LI lawmakers briefed on LIPA privatization plan

A Long Island Power Authority truck is among

A Long Island Power Authority truck is among those arriving to make repairs in Belle Harbor a couple of weeks after superstorm Sandy. (Nov. 12, 2012) (Credit: AP)

Long Island lawmakers met Monday night in Albany with a top aide to Gov. Andrew M. Cuomo and financial consultants to hear the case for privatizing LIPA, the first in a series of briefings on the future of the troubled utility.

The 90-minute discussion started what is expected to be a lively debate on the prospect of selling LIPA assets to a private company, observers said.

Larry Schwartz, secretary to the governor, and consultants from the financial firm Lazard Ltd. made the case for privatization, while lawmakers pushed back, asking why a fully public LIPA could not work, according to a lawmaker at the meeting.



Thiele said he expects more meetings, but said Cuomo's staff appears intent on finalizing a plan before the legislative session ends in June. Legislation will be required to complete the transaction, Cuomo has said. Richard Azzopardi, a spokesman for Cuomo, didn't return several calls and a message seeking comment. Last week, an administration source said Schwartz would "engage elected officials, and business and community leaders to form a consensus around the best option for LIPA."

The campaign comes amid a chorus of skepticism that greeted the privatization plan after Cuomo's State of the State address last month. Lawmakers, business leaders and Wall Street have questioned the math that would allow Cuomo to freeze Long Island rates and keep them stable if the utility were run by a for-profit corporation.

Cuomo has said privatization would come with a three-year rate freeze, a plan to pay off LIPA's $7 billion debt, and a better-run company. But observers say costs could increase if LIPA were to lose its ability to issue tax-exempt debt, and the new owner would have to pay federal income taxes, dividends, bond fees and penalties. It would also be exempt from federal emergency storm restoration costs.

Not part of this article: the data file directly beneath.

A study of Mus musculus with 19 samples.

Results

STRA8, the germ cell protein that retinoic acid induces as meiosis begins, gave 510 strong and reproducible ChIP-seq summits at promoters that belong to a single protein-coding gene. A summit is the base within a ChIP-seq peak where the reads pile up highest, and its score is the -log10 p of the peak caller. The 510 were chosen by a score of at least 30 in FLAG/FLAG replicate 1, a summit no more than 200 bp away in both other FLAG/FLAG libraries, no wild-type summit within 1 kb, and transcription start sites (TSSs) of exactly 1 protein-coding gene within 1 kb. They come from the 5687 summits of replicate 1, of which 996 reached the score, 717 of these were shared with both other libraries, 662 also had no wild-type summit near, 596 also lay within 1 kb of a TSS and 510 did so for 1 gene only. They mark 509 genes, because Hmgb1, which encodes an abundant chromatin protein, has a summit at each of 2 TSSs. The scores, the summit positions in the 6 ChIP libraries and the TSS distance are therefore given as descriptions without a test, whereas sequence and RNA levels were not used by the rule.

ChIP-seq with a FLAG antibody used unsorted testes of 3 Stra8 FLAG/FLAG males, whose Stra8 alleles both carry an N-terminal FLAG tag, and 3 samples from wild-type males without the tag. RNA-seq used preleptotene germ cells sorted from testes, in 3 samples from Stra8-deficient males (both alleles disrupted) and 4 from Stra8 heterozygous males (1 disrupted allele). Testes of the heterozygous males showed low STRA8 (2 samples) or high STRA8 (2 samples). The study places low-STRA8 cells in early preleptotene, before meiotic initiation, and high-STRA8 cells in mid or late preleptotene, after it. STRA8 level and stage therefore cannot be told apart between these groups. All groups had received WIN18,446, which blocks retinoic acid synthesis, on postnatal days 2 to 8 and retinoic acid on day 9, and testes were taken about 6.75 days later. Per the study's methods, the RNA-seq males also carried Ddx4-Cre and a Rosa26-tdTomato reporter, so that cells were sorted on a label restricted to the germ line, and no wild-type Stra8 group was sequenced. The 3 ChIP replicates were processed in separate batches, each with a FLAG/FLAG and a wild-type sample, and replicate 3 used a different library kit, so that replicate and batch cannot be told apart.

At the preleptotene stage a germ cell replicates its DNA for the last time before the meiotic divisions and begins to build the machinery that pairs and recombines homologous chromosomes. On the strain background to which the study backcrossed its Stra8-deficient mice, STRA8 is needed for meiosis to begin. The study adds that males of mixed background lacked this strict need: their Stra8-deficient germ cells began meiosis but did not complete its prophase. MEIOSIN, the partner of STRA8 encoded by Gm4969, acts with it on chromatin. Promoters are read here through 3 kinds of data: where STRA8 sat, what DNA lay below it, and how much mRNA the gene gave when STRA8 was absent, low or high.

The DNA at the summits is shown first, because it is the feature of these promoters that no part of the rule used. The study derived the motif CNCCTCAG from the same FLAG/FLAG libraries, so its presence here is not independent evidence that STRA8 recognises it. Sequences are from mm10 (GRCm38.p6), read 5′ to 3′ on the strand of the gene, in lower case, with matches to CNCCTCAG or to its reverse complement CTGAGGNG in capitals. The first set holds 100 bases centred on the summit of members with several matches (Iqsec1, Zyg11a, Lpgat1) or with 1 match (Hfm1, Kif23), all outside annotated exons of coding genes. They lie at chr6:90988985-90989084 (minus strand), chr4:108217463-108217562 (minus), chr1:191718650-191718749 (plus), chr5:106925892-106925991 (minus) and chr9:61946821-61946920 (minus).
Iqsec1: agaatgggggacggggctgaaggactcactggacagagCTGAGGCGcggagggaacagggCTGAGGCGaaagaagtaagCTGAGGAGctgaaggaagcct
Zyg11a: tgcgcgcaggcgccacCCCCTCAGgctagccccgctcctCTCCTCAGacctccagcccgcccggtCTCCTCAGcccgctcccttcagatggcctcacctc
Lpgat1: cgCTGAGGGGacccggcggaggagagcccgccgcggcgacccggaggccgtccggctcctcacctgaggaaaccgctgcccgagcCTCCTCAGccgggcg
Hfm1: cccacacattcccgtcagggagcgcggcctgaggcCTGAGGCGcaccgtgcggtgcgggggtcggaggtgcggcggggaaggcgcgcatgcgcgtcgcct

LIPA trustees' finance and audit committee was briefed on the privatization plan by New York Power Authority chief executive Gil Quiniones on Jan. 24, LIPA trustees said. LIPA chairman Larry Waldman said he has asked the administration to have Schwartz brief trustees.

"The Moreland Commission made their recommendation," Waldman said of the Cuomo-appointed group's view that privatizing LIPA was the best option.

Trustee Neal Lewis said he's not convinced privatization is the way to go and he favors keeping LIPA public but giving it greater control over incoming contractor PSEG.

Schwartz and Cuomo have criticized the fully public model, saying it would make LIPA's failed model larger and more bureaucratic.

Assemb. Kevin Cahill (D-Kingston), the outgoing chairman of the assembly Energy Committee, in a letter to fellow lawmakers on Jan. 24, pointed to several studies that showed privatization of LIPA could raise rates from 6 percent to 20 percent.